Grass Is Always Greener on the Other Side, but How Safe Is It?

Published on 
July 29, 2015
Categories: 


Pesticides


Pesticides have not only been proven to have negative impacts on health, but also on our environment. The insecticide malathion and herbicides such as 2,4-Dichlorophenoxyacetic acid (commonly called "2,4-D") and glyphosate (Roundup), are widely used by homeowners and insistently claimed to be safe by the pesticide industry. Many people use these chemicals on their lawns and around the house where children and pets play, and some municipalities blanket-spray malathion from airplanes to control pests such as gypsy moths or mosquitoes. But are the pesticides we are buying from the store truly safe?

There are 23 pesticides that are known or possible carcinogens or hormone disruptors out on the market right now. Some people will likely choose to continue using pesticide products around the home but, please consider some of the following non-toxic pesticide alternatives:

  • Pull up a few weeds by hand. It’s great exercise!
  • Plant marigolds near the garden to dissuade pests.
  • Boiling water will instantly kill any plant it comes in contact with by literally cooking the plant in the ground. But be careful, boiling water will kill all plants, not just the weeds.
  • Try vinegar as a weed killer and a repellent for certain types of bugs. All you need to do is spray the vinegar on the plants that you wish to kill or in an area that you would like to repel bugs. For some tougher weeds, you may need to reapply the vinegar several times before the plant completely dies. Although it is not harmful to pets, if you have a pet that lives or hangs outside a lot, this might not be a good option as animals are repulsed by the smell of vinegar.
  • If you have an area in which you do not wish to have plants growing at all, salt works well as pet-safe weed control. Putting salt in an area will make the soil unsuitable for plants and weeds to grow in.
  • Sugar puts soil organisms into overdrive and the soil becomes temporarily unsuitable for plants. It is great for killing weed trees, bushes or vines that are hard to pull out. Simply pour some sugar at the base of the plant you wish to kill. If you are concerned about it becoming an attraction to pests, simply mix the sugar with equal parts chili pepper to deter those possible pests.
  • Cornmeal has a chemical in it that acts as a pre-emergent on plant seeds. That means that it will prevent the seed from germinating. Sprinkling cornmeal in an area that you want to keep weeds out of will not harm the already established plants but will keep weeds from growing.

Fertilizer

There are two types of fertilizers: chemical and organic. The packages for chemical fertilizers tell you what the active ingredients are, such as nitrogen and phosphates. The packages often don't tell you what the inert ingredients are, which can contain potentially poisonous substances such as arsenic, lead, mercury, cadmium and other metals. If kids spend a lot of time rolling around on the lawn, obviously they're going to be exposed to these chemicals. Most commercial fertilizers contain synthetic urea, a compound similar to the natural urea found in urine. It is high in nitrogen, which makes it a good fertilizer. Unfortunately, high nitrogen fertilizers can be toxic. This is why lawn care companies and fertilizer manufacturers use signs and labels to warn people to stay off the grass after fertilization. Urea fertilizers are highly water-soluble, so the lawn will be safer for play after a heavy rain washes the excess nitrogen off the grass. To determine whether your fertilizer contains urea, look at the three digit nutrient analysis: 14-2-2, for example. The first number indicates the amount of nitrogen in the fertilizer. Any number over 13 is most likely derived from urea, even in products labeled "organic." A safe fertilizer is one that contributes nutrients in a form not harmful to soil organisms. Compost, green manures and others must be used to maintain a level of organic matter in the soil around five percent.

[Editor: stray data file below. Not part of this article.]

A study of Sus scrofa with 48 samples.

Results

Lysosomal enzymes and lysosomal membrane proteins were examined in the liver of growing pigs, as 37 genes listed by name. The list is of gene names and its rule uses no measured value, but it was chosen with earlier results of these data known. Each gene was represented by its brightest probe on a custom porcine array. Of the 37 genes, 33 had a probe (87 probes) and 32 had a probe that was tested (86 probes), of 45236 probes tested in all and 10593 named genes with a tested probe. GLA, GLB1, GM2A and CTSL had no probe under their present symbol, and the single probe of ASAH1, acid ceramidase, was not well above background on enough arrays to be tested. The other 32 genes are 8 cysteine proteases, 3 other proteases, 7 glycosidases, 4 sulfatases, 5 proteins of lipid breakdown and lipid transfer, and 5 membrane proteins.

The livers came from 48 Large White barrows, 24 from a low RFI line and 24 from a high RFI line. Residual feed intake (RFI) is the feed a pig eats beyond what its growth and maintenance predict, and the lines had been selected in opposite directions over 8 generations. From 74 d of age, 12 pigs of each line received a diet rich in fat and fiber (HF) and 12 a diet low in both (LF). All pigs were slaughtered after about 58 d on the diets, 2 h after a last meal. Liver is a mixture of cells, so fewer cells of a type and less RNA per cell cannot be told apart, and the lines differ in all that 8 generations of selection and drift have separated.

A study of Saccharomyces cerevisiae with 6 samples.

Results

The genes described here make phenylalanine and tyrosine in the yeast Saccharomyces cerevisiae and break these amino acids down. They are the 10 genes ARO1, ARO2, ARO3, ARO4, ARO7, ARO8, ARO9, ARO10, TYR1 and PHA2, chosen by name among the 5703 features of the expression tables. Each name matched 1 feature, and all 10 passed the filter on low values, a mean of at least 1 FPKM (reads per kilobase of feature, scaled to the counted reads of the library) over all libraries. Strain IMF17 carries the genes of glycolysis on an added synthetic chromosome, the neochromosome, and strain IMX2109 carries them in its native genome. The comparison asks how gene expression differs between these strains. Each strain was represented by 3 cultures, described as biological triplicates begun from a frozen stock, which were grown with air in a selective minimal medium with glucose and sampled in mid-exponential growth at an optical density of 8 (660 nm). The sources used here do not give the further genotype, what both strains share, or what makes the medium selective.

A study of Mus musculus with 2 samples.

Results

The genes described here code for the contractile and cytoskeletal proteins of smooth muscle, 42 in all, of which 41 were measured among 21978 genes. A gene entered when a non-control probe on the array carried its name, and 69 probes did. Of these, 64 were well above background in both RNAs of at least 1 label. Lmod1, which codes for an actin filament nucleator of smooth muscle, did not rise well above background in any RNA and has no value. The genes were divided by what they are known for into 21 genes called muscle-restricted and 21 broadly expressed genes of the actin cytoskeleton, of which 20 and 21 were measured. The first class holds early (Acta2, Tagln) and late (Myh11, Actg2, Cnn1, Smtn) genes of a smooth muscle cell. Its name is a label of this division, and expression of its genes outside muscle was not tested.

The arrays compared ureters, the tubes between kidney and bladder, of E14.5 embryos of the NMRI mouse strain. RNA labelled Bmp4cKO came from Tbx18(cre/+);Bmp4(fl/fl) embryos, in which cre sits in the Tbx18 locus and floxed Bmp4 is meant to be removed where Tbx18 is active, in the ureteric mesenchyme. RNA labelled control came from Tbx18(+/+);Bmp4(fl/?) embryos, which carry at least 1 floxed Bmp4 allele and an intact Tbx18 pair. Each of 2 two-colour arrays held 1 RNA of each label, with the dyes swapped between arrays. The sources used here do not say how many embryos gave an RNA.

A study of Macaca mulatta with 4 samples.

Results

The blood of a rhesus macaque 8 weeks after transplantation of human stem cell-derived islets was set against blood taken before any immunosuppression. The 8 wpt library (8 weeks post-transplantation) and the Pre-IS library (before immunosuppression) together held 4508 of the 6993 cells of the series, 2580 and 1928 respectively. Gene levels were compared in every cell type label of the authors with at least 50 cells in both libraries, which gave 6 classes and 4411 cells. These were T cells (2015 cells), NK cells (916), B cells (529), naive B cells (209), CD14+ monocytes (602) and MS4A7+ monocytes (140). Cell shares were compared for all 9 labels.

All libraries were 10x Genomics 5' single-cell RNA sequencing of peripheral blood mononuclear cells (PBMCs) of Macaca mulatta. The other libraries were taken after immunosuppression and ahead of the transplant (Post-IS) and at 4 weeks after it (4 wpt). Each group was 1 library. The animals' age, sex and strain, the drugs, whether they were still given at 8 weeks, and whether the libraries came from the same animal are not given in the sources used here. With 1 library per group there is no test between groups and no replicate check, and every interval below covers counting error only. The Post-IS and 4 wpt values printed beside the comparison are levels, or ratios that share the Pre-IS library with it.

lawn-safety-rn-remedies.jpgTo be absolutely sure that the lawn is devoid of remaining fertilizer residue, you can wait until 48 hours after the fertilizer application to let pets and children walk on the lawn. In my opinion, safely using any product is the key. You must apply the fertilizer as the manufacturer instructs, or the grass may hold the residue for an extended amount of time. Another way to stay safe if you are unsure of the application amount is consulting a professional landscaper for custom fertilizing instructions. Also, watch out for your pets. My dog Sadie is a Labradoodle with big furry paws, and could pick up residue on her fur and paws and quickly ingest it. If you feel reluctant or fearful of using lawn chemicals, I suggest using organic products. To me, it's better to remove all doubt, than to forever question whether a lawn chemical may have harmed a loved one.

While lawns and gardens are great places for children to play and learn, it’s important to remember they can also have hazards such as chemical fertilizers and pesticides. Remember your lawn is an extension of your home, especially for your family and pets. You want this beautiful grassy space to provide a safe place for your dogs and cats with room to run and a comfortable place to play with your kids.